The annual Economic Survey should ideally be combining realism with idealism. Realism to credibly assess near-term prospects, appreciate the trade-offs and discuss the efficacy of different policy interventions. But idealism is important, too. To shake up the marketplace of ideas, challenge the status quo and, hopefully, capture the imagination of policymakers so that ideas that may not be necessarily feasible now can be conceived at some point in the future. Towards that end, this year’s Economic Survey does a masterful job.
First, the realism. The Survey acknowledges that – even as 2016 witnessed several large-ticket reforms (GST, Bankruptcy Law, Aadhar, Monetary policy framework) – challenges abound. The oil windfall will disappear, and with the twin balance-sheet problem (banks and firms) still unaddressed, private investment is likely to remain sluggish.
Consequently, it pegs growth in 2017-18 at 6.75-7.5%. More importantly, much of this is predicated on a recovery in exports. But recent weeks have shown that protectionism in advanced economies is casting its long shadow, which could accentuate the de-globalisation and result in renewed export pessimism. The Survey, therefore, acknowledges that given these cyclical conditions, especially post demonetization, the economy would need policy support. Equally, however, it argues that some monetary policy support is already underway and fiscal policy would need to balance its near-term counter-cyclical stance, with medium-term prudence and credibility. We will know, soon enough, what this implies for the Budget.
But the real value of the Survey is in questioning the economic vision that India should set itself. While the Survey doesn’t explicitly state so, India will need to find new growth drivers. The inconvenient truth is that India’s 9% growth in the mid-2000s was propelled by a 17% growth in exports. We were in the midst of “hyper-globalisation,” as the Survey calls it. Those days are long gone, replaced instead with de-globalization, maturing supply chains and increasing protectionism. So where will the growth come from? In the words of the Survey, “…ideational shifts will be critical to ensuring that India’s sweet spot is enduring not evanescent.” What does this mean? That, the legacy of India being a “precocious democracy” – attempting economic development even while granting universal franchise from the beginning – while very admirable has fructified in (1) ambivalence about private sector and property rights; (2) improving but inadequate state capacity; and (3) inefficient redistribution. And the combination of these attitudes and capabilities is impeding India attaining its true potential.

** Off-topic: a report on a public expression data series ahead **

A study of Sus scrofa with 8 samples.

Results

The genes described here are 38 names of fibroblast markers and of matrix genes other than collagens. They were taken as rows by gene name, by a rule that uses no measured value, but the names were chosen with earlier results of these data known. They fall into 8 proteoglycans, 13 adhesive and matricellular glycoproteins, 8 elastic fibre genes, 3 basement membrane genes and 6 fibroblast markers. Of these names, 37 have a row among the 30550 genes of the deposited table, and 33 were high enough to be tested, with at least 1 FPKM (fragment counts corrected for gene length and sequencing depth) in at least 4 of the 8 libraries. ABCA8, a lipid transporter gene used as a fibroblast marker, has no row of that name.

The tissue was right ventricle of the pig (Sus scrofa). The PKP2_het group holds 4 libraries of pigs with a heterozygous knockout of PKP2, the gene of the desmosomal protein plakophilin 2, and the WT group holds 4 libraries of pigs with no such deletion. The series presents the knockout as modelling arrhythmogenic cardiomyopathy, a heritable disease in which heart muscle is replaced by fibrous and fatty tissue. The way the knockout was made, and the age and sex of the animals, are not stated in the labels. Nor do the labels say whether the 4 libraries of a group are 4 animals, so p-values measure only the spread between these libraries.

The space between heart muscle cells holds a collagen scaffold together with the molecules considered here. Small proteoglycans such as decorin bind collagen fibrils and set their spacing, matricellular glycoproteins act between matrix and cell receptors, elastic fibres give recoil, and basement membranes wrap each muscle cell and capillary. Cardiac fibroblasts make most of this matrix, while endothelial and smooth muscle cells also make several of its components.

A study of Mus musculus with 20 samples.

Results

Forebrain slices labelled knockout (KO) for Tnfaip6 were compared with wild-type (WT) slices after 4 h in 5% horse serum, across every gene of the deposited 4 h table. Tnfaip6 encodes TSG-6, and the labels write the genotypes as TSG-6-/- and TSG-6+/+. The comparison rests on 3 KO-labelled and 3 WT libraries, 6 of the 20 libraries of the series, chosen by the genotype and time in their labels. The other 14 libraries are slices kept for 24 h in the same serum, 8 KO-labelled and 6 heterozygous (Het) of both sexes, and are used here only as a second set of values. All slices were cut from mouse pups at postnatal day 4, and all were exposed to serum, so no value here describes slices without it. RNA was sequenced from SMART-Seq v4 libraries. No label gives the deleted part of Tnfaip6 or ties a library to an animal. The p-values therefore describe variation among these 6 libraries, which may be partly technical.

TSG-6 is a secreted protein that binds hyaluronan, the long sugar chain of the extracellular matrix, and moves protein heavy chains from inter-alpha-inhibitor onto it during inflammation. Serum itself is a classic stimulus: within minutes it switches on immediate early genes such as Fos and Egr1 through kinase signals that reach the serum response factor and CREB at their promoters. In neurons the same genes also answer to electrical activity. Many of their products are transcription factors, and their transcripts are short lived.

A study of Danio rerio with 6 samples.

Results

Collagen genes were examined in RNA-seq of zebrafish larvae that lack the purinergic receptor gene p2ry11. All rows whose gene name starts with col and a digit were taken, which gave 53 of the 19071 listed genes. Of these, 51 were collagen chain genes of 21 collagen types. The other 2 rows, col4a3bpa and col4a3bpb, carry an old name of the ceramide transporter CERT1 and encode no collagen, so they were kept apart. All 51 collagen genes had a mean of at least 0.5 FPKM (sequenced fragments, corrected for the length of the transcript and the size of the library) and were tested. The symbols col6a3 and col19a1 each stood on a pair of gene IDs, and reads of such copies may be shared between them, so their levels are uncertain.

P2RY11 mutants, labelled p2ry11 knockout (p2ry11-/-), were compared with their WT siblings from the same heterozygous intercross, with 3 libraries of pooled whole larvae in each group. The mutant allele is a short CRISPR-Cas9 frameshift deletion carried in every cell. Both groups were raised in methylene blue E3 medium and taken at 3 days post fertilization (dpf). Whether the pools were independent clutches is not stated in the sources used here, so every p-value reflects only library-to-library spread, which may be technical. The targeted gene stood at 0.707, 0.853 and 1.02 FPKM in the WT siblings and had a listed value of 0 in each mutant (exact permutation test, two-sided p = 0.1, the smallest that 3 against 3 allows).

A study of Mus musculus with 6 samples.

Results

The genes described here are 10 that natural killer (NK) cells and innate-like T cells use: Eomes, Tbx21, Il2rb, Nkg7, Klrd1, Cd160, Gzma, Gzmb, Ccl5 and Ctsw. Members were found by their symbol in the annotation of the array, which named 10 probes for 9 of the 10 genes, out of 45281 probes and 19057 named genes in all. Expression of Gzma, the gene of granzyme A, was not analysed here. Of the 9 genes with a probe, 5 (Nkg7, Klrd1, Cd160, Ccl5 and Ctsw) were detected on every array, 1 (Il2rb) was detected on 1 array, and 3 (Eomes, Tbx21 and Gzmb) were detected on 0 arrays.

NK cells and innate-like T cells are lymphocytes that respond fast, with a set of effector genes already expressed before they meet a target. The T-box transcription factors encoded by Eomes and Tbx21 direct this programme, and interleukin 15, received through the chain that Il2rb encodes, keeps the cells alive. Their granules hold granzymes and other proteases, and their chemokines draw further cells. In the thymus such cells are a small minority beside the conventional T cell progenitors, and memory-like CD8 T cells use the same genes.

But while the Survey portrays these are ideational shifts in the medium term, one can argue there are very real near-term macroeconomic consequences. Everyone agrees that – given the slump in private investment – a large public investment thrust is needed. Equally, the consolidated fiscal deficit is very elevated, and there is little fiscal space. How do policymakers square the circle?
What if the government was less diffident about divesting assets to the private sector? Selling low-productivity assets – that would be managed more efficiently in the private sector to raise firm value – and using those resources for a large physical and human capital thrust. This would effectively be an “asset swap” on the balance sheet, and boost investment and growth without consuming any fiscal space. Or what if all leaky product subsidies (PDS) were replaced by a cash transfer to generate fiscal savings? Easy?
Not quite because it would require (a) a fundamental re-thinking of the role of the state versus the market; (b) require much greater state capacity to execute the asset transfer; and (c) overcome the vested interests that perpetuate the inefficient distribution. In short, even the near-term macro outlook is impacted by the three features that the Survey rightly identifies, despite the considerable progress that has otherwise been made.
The Economic Survey has masterfully balanced the do-able with what needs to be done. The hope is the Budget will follow suit.
(The writer is chief India economist, JP Morgan. All views are personal.)